Gerold brings crime-prevention background to top cop position

In 1977, Lucy Gerold started as one of the city’s first community crime-prevention specialists, working in the struggling Wedge neighborhood. On Jan. 14, she became Inspector for the Minneapolis Police Department’s 5th Precinct, the commanding officer for 149 sworn officers and civilian employees and responsible for a $36.8-million budget.

She replaces Randy Johnson, who left to become the director of security for Minneapolis Public Schools.

Gerold, 49, headed the Community Crime Prevention/SAFE program from 1983 to 1997, serving as a civilian, she said. She went to the Police Academy and became a sworn officer in 1997. While in the academy, she helped develop CODEFOR, a crime-tracking system that helps police focus resources. She then became CODEFOR’s first director.

She served as Director of the Central Services Bureau from 1998 to the fall of 2000, overseeing CODEFOR, special investigations, the public-housing police and traffic. Until recently she served as the Director of the Internal Services Bureau, with responsibility for the department’s budget, finances, human resources, training, forensics and evidence.

She becomes Southwest’s top cop after only five years on the force, a promotion with advantages and some disadvantages, Gerold said.

"My street experience is very recent and I am familiar with the current level of activity," she said. "I have far more experience than most in working with crime prevention in the community and working with a wide range of partners."

She cites as a weakness her lack of hands-on experience in investigations. She has overseen investigations, but she has never worked as an investigator, Gerold said. She plans to work side by side with an investigator in the near future to get a better understanding of the job.

Gerold graduated from Regina High School and the University of Minnesota with a degree in Housing and Community Development, she said. She is attending Metro State University working on a Masters Degree in Public Administration.

Her current reading list includes a book on Bernard Kerik, the police commissioner of New York City, and "Galileo’s Daughter," a work of historical fiction. Among the Southwest restaurants she likes to frequent are Rainbow in Whittier and Pane Vino Dolce in Lynnhurst.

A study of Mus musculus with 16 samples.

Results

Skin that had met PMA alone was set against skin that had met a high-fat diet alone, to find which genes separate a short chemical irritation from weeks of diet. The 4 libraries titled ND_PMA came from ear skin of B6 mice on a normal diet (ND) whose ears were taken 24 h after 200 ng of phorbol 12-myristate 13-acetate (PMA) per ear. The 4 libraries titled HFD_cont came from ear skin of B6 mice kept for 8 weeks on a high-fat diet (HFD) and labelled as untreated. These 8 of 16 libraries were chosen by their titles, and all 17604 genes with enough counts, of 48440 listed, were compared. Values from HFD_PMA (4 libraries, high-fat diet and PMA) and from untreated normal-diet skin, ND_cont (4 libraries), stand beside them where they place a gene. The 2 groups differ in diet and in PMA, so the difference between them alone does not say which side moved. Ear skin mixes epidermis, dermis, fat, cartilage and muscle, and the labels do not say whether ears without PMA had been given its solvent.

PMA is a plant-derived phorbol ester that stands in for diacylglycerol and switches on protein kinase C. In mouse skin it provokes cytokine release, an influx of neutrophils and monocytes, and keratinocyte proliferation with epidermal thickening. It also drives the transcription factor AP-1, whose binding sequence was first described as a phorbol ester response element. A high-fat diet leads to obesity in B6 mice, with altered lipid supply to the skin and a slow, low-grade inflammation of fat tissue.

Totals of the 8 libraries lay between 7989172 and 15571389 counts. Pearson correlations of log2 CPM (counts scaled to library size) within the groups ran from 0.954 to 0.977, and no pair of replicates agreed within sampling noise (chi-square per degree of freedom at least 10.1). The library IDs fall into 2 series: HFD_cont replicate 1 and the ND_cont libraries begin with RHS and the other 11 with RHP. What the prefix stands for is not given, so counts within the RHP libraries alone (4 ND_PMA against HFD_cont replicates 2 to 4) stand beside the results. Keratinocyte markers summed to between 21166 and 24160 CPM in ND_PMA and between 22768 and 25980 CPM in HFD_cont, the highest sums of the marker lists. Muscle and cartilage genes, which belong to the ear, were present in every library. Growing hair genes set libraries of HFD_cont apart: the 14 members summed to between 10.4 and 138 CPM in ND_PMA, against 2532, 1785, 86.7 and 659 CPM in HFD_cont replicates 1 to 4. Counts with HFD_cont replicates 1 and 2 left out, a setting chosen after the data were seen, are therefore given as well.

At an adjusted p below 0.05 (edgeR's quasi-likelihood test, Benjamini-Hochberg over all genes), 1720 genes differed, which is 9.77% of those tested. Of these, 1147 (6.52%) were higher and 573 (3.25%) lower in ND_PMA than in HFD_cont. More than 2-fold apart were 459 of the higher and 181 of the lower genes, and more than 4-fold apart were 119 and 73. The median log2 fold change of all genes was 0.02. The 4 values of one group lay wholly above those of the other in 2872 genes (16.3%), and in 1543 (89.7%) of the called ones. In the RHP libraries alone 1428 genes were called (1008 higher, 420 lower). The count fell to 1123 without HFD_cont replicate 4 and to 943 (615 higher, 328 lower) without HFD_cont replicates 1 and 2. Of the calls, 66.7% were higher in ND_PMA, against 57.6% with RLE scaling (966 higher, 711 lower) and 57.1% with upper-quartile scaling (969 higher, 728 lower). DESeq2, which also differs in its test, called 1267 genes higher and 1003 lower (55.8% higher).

Gerold is in the midst of attending a number of meetings with her staff, neighborhood groups and City Councilmembers to listen to their priorities.

"I have no list of big changes," she said. "I will listen to cops, I will listen to the community."

A brief history of CCP/SAFE Gerold got in on the ground floor of community crime prevention. In 1977, a law-enforcement grant allowed the city to try crime-prevention programs, and it targeted three problem neighborhoods, she said: Willard Hay, Hawthorn and Lowry Hill East, known as The Wedge.

A Wedge resident at the time, Gerold said a number of the larger homes were broken up into rooming houses and had code violations. The neighborhood had problems with drugs, prostitution and burglary.

She organized block club meetings and business groups to address commercial crime along Lyndale and Hennepin avenues.

She stayed with the program as it grew. It expanded citywide in the early 1980s, and she became a supervisor. The program focused on property crimes until the late 1980s when crack arrived, and crimes against people increased.

"We had to expand," Gerold said. "We had to organize around multiple issues."

Community Crime Prevention operated independently of the Police Force, reporting to the City Coordinator until the early 1990s, she said. Police Chief John Laux brought the program under the department’s Community Services Bureau, which Gerold then headed. She was the civilian equivalent of a Deputy Chief.

In the mid-1990s, the department tried to improve cooperation between civilian crime-prevention staff and police officers, she said. When the 5th Precinct opened in 1998, it was the first to bring the crime-prevention workers and their police counterparts into the same office.

Budget woes Having headed the department’s Internal Services Bureau, Gerold knows well the budget picture she faces.

The department has already had to cut $5.6 million, she said. To save money, it has left 40 sworn officer positions vacant citywide out of a force of roughly 900. By the end of the year, the number of unfilled positions is expected

to reach 80.

The 5th Precinct is currently down 11 positions from its authorized number of both sworn officers and civilian workers, she said, or roughly 7 percent.

The city budget could take another hit, depending on what the state does with local government aids, she said.

Crime had a tick upward in the last quarter of 2001, she told a recent meeting of the Stevens Square Community Organization’s Safety Committee.

"A number of factors go into that," she said. "The fact that we have 40 fewer officers is a factor."

The top priority will be to staff 911 response, she said: "We want to do everything we can to avoid longer response times."